Tuesday, July 17, 2012

Mandela Day

Nelson Mandela is without a doubt the face and soul of South Africa. This great icon of peace and liberation will be celebrating his birthday on 18 July and he will be turning 94. Therefore, a great tribute to this legend of Africa is the annual celebration of Mandela Day (make an imprint a 46664 celebration) which was established in June of 2008. Mandela Day is an annual celebration of Nelson Mandela’s life and a global call to action for people to recognize their individual power to make an imprint and change the world around them; individuals are required to spend 67 minutes on this day devoted to the charity of their choice in celebration of Mandela’s 67 years of making a difference.
I am one of the lucky South Africans that had the honour of meeting this legend a couple of years ago. Madiba made a visit to the university I was attending. When he entered the room I could feel I was in the presence of greatness. I was overwhelmed by his energy and enigmatic poise. Shaking the hand of this unassuming and soft spoken man I looked into his eyes and could not help but wonder how this person that spend 27 years in prison could emerge without any bitterness or hatred. On 11 February 1990 his freedom was secured and his dynamic purpose and instrumental role in forever changing a country, I suppose, provided him with a higher objective that could not afford him the luxury of ill feelings of the past but instead focused him on his destiny. After changing a nation and an exemplary life Madiba stood in front me and I realized I was touching a legend and a part of living history. The few minutes of interaction I had with him will remain vivid in my memory and his genuine interest and ability to make each person he relates with feel important and respected will remain an example to me of how human beings should treat each other.
Being too young to actually remember Apartheid and the evils it perpetrated I recently visited the Apartheid Museum in Johannesburg. Our sordid history is on display in this multi-million establishment that serves as a reminder for us not to repeat the past. Atrocities committed on both sides of the battle are on display in this museum. After drinking up all this history I left the museum feeling perturbed at how a society could be mislead to believe that discrimination and hate could serve any higher purpose. I also left with a sense of hope as we as a nation were victorious in this struggle and are well on our way to navigate successfully an enlightened future. The story of Apartheid is a painful one for many people – black and white alike! Many innocent people suffered, died and many lives were forever changed with both physical and emotional scars that individuals will take with them to their final resting place. All this sacrifice so that we (the next generation) will have freedom and a better future, a sacrifice I believe not many South African’s fully appreciate.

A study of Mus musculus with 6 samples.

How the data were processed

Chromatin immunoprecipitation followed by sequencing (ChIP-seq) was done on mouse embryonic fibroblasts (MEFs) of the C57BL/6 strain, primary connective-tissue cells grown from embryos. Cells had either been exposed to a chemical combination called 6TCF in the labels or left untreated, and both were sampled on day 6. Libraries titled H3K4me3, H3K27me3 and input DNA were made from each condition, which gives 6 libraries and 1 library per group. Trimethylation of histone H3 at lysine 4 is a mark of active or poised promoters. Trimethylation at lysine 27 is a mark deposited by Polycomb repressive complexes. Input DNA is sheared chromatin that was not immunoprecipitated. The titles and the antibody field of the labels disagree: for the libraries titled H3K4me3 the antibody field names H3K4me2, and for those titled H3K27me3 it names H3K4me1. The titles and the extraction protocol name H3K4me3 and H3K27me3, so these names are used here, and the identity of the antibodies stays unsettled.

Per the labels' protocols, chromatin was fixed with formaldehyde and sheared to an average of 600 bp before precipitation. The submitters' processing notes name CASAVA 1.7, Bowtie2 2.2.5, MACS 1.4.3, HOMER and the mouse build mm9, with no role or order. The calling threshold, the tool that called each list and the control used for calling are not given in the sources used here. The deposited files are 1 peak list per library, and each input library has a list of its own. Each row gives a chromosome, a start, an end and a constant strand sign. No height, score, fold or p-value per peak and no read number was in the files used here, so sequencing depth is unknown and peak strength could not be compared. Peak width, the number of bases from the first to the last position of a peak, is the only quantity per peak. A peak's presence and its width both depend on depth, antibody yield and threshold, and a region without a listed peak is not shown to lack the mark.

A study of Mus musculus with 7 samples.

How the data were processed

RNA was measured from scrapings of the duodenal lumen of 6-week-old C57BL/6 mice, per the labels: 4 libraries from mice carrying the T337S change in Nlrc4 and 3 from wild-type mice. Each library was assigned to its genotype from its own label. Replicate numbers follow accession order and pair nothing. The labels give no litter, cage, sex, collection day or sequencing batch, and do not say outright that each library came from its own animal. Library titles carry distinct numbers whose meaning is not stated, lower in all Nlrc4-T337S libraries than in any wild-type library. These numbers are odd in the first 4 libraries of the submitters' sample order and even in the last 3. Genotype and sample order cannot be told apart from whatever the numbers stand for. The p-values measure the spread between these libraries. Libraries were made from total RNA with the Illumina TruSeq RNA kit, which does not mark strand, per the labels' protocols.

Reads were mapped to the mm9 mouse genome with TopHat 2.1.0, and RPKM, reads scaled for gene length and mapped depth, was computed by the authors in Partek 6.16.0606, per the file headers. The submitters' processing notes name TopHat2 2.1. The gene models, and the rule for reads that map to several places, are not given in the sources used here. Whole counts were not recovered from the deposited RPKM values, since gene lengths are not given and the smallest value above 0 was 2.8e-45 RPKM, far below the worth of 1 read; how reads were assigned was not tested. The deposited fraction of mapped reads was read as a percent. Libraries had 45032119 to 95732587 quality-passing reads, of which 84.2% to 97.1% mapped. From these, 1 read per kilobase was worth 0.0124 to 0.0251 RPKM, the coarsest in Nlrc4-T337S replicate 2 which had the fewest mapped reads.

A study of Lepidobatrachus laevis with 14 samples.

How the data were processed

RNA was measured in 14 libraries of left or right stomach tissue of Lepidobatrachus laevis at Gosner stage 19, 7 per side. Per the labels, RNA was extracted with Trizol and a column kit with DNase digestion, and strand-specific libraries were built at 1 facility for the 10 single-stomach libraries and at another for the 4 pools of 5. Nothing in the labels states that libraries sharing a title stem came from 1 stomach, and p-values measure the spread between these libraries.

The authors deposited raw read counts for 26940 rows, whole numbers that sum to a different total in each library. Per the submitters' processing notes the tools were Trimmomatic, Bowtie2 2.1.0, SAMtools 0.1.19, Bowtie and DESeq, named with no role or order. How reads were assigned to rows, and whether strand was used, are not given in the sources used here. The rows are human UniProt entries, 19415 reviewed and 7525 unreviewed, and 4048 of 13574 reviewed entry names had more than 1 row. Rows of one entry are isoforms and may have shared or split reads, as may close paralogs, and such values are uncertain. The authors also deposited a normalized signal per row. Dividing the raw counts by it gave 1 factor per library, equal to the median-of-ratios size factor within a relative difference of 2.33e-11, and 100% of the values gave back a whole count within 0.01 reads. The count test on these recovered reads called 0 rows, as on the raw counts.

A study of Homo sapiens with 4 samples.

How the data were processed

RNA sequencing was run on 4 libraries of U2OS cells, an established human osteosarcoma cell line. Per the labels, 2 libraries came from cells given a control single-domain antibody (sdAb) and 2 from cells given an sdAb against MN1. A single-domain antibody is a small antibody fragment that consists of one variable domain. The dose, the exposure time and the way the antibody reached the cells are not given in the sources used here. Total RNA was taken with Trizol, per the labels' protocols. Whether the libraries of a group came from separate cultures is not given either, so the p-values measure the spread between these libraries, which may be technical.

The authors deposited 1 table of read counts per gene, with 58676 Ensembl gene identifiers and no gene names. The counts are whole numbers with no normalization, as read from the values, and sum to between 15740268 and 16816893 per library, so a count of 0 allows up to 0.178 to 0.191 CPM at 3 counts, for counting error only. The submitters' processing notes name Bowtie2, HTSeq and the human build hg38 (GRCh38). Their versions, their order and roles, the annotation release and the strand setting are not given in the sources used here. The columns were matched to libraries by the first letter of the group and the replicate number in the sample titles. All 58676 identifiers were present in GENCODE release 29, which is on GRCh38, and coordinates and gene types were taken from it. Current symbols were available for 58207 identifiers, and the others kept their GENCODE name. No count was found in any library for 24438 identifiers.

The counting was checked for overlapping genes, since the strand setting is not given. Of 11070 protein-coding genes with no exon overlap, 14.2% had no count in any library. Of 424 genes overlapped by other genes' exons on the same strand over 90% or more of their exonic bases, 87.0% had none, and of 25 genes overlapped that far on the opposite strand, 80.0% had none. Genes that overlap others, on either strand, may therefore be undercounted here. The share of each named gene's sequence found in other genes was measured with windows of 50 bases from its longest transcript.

Having been to Robin Island on a few occasions it’s hard to believe that Nelson Mandela spend the better part of his live there. Having been inside his prison cell I came to realize how resilient a person’s mind must be to stay strong, focused and optimistic as the claustrophobia could easily persuade your soul to lose hope and your mind to forfeit progress. While on the island I also had the opportunity to see the man made cave that the political prisoners dug; the cave that is fondly referred to as our first democratic parliament and many of our current political leaders received their political education there. If anything the visionaries of that era were creative, innovative and motivated – qualities we hope they will soon reintroduce into our current political landscape.

Nelson Mandela truly is an extraordinary human being and will be celebrated across the world on the 18th of July for many years to come. His life is an example of sacrifice, hope, change, resilience and peace. It’s my wish that with Mandela Day people from across the globe will engage in the values of compassion, respect, charity, peace, forgiveness and goodwill and make a positive imprint on their community propagating the legacy of Madiba and embracing Madiba Magic in their lives and generously share it with others.
(For information on how you can participate in Mandela Day please visit the official website http://www.mandeladay.com/)

Till next time.

Mandela Day - Song especially written by Simple Minds for the Free Nelson Mandela Concert held in Wembley in 1988

4 comments:

Fr. Marty Kurylowicz said...

Pierre,

A beautiful piece of writing about Nelson Mandela, which is not a surprise coming from you. May I reprint a small excerpt on the Thalamus Center and of course I have all links coming back to Warfare: The Delightful and Dreary Sides of Gay Life? http://fathermartykurylowicz.blogspot.com/2009/07/mandela-day-by-pierre-le-roux.html
If for whatever reason this does not meet your approval I will remove it immediately.

With all best wishes, Marty

Pierre said...

Hi Marty, thanks for the compliment, feel free to reprint the piece on your website.

Anonymous said...

Celebrating a terrorist birthday you are 1 deluded crackpot!

Pierre le Roux said...

@Anonymous One man's terrorist is another man's freedom fighter. PS: It is hard to take anyone seriously who hides behind anonymity.